ReUseapalooza promotes environmentally-friendly ideas

By Jerene-Elise Nall

You’ve heard of the “3 R’s” – reduce, reuse, and recycle. But have you heard of ReUseapalooza?

Friday will mark the beginning of the second annual ReUseapalooza. ReUseapalooza is a gathering of local artists, bands and organizations working to promote a variety of environmentally-friendly ideas, like repurposing, reducing waste, and above all, lending a helping hand in community-wide efforts.

ReUseapalooza stems from efforts on the part of the community, as well as on the part of campus organizations, to band together in the name of positive activism.

Camille Piazza, a community member heavily involved in the planning of ReUseapalooza, said Eric Sterling of Green Paws Environmental Alliance started up the group last year.

“He really wanted to demonstrate that it is an alliance, and that we want to team up with the community and team up with the different groups on campus,” she said.

Sarah Wawerski, president of Green Paws, said the group tries to focus on having presence on campus.

“We work to promote environmental stewardship in the community, but we also like to work with other groups,” she said. “Last year, we worked with STAND, the anti-genocide group on campus. [This year], we’re working with several other organizations. One of the organizations that we’re excited to work with this year is called Helping Hands. They sell jewelry made by women in Uganda made out of recycled magazine paper.”

ReUseapalooza focuses on showcasing the work that organizations, as well as musicians and artists, produce for the greater good of the community.

“There’s a lot of people that are doing really good work in the community, like some of these groups on campus,” Sterling said. “To be able to showcase the artists and the groups that are doing this kind of work, it lets the students and the community know how people are trying to change things to make things better.”

It’s not just the campus organizations that are planting, crafting and recycling at ReUseapalooza. Many of the artists and musicians, the vast majority of which are local, are also finding interesting and innovative ways to be green, specifically featured performers Heath Johnson and Nathan Dettman.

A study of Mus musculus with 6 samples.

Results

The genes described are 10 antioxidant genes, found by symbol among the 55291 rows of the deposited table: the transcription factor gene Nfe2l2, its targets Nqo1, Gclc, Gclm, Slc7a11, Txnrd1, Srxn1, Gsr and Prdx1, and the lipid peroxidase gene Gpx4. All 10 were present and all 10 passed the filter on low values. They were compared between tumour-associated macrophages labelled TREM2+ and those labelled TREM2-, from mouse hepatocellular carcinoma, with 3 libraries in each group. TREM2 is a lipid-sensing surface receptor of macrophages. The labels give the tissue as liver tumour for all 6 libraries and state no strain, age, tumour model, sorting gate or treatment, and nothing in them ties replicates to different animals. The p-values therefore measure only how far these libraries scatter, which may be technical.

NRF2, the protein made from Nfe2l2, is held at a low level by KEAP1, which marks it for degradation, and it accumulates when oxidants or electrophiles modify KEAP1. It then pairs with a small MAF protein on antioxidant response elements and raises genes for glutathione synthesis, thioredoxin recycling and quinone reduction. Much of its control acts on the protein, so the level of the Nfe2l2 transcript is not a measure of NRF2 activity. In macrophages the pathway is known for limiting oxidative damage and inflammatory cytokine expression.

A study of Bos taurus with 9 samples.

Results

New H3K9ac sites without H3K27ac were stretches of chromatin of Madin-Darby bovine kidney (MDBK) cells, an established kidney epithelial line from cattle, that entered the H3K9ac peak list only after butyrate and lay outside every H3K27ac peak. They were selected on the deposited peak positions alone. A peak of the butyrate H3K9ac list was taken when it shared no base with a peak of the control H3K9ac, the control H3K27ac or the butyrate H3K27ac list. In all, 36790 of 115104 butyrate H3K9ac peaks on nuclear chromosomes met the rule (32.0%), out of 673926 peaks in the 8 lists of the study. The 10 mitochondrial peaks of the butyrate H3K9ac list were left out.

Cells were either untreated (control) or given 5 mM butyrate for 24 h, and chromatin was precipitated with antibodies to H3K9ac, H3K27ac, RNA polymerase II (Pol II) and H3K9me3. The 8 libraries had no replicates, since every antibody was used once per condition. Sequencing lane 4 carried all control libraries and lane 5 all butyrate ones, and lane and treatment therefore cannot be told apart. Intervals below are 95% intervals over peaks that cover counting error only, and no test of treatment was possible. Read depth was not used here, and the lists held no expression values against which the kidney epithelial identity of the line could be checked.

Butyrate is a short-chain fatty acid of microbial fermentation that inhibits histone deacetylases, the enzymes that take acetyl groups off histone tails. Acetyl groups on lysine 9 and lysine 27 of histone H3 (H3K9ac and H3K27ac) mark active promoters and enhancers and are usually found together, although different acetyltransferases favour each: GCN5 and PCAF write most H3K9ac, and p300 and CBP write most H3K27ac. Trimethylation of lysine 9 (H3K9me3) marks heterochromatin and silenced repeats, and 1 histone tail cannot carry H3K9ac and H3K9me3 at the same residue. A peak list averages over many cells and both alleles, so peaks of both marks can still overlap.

“Heath and Nathan have been very active in the community, working with the DeKalb community gardens,” Sterling said. “[Dettman] also has a gardening business. He’s really negotiable in that if you don’t really have much money, he’ll go over and help you out for free. [Johnson] goes down to the Kishwaukee River and takes tall grass and he weaves it and spins it somehow. He’s going to be doing demonstrations at ReUseapalooza. He makes jewelry out of prairie grass and stuff like that.”

Local artists featured at this year’s ReUseapalooza like Ariel Ries of DeKalb’s SMLTWN Skate Shop also find that in the right hands, one person’s trash can easily become another person’s treasure.

“She repurposes old skateboards,” Sterling said. “She takes skateboards and cuts them up and drills holes in them and then makes jewelry out of them.”

Ellus Bellus, a local-area DIY band also featured at this year’s ReUseapalooza, lives by that same mantra.

“We caught [Bellus] at the open mic at the House Cafe one night. [The drummer’s] bass drum is made out of an old suitcase. He get’s a really good sound out of it,” Sterling said.

Mathew Tembo, joined by the NIU Afropop Ensemble is another percussionist that sees the value in repurposing.

“[Tembo] plays a marimba with shells that he found and carved in Africa,” Sterling said. “He made his own marimba and he tunes it himself.”

While many of the artists, musicians and participants have ties to NIU, many of them have strong ties to the larger community of DeKalb. The support of both communities is critical to the larger success of this event.

“We have seen this alliance that has built up, but we have also seen it segregated,” Piazza said. “There is the community, and then there is the student population. The biggest reason why I believe that folks should come and participate in this is to come and say, ‘I am in support of the alliance between the community and the students.’ It’s a great partnering between the university and our town.”

The event presents itself as incredible networking opportunity, as well.

“It’s a great, informal way to share ideas,” Wawerski said. “There’s so much pressure at school and in the classroom and at organizational meetings. There’s an agenda you really have to stick to. Holding an event like ReUseapalooza that lasts all night means you get to get to know those [like-minded] people and hear their ideas in a fun and informal setting. It really lets the ideas flow and develops future projects.”

Besides working to support a variety of causes, including not only the continued support for local artists, musicians and organizations, as well as petitioning for bicycle lanes, backyard chickens, and the banning of plastic bottles on campus, the event is also a food drive for local organization Feed ‘Em Soup.